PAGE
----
April 8, 2013 – Sunlabob Renewable Energy today announced it has been awarded a contract for the supply of solar PV equipment to be used in off-grid areas of Kiribati in the Pacific region. The installations – funded by the European Development Fund and managed by the Government of the Republic of Kiribati – will enable a reliable electricity supply in training facilities, schools, community centers, small businesses and homes throughout the small-island nation that is highly dependent on petroleum imports for power generation.
"Empowering off-grid areas with renewable energy not only enables dependable and affordable electricity, but also paves a path toward social and economic development for the people of Kiribati," said Andy Schroeter, founder and CEO, Sunlabob, which has also recently completed off-grid solar PV projects in the Marshall Islands and Micronesia.
On Kiribati's outer islands – where more than half of households reside – access to electricity is approximately 30 percent. The Pacific region meets around 80 percent of its electricity generation needs from imported fossil fuels.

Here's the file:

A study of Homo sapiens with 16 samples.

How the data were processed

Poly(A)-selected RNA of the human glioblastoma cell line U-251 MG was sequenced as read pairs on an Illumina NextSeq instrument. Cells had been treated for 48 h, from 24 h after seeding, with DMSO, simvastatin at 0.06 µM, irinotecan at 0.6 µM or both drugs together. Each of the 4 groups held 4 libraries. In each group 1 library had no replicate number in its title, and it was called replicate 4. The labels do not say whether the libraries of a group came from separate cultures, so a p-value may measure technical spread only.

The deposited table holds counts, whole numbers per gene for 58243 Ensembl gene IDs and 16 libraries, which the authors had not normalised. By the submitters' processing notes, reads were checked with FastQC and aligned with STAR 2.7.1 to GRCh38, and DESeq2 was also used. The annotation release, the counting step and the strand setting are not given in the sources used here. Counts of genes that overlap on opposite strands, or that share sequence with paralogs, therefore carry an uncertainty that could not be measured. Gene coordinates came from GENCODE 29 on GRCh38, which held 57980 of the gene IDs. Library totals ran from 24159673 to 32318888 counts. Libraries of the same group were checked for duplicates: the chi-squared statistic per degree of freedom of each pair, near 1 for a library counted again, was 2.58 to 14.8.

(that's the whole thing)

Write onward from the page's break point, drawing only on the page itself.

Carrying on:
Due to the Pacific island region's low electrification rates, heavy reliance on imported fuel and heightened vulnerability to climate change, the European Commission has dedicated more than $36 million to the development of renewable energy resources during the 2008-13 period. In March 2013, the Pacific region secured pledges of more than $530 million in funding for renewable energy projects from several countries and multilateral donor banks.
As part of the contract, Sunlabob will supply solar PV and related equipment for a variety of decentralized solar energy installations, including:
• 2,188 solar home systems
• 120 solar home systems for teachers
• 20 solar training workshop centers
• 100 small businesses
• 30 community halls
• 7 schools
• 1 village mini-grid
• 1 grid connected system
The newly-awarded supply contracts in Kiribati are not Sunlabob's first experience in the Pacific region. In 2012, Sunlabob supplied and delivered 1,500 solar home systems in the Marshall Islands, as well as secured a contract to supply 3,500 solar-powered lanterns and 70 lantern charging stations in Micronesia.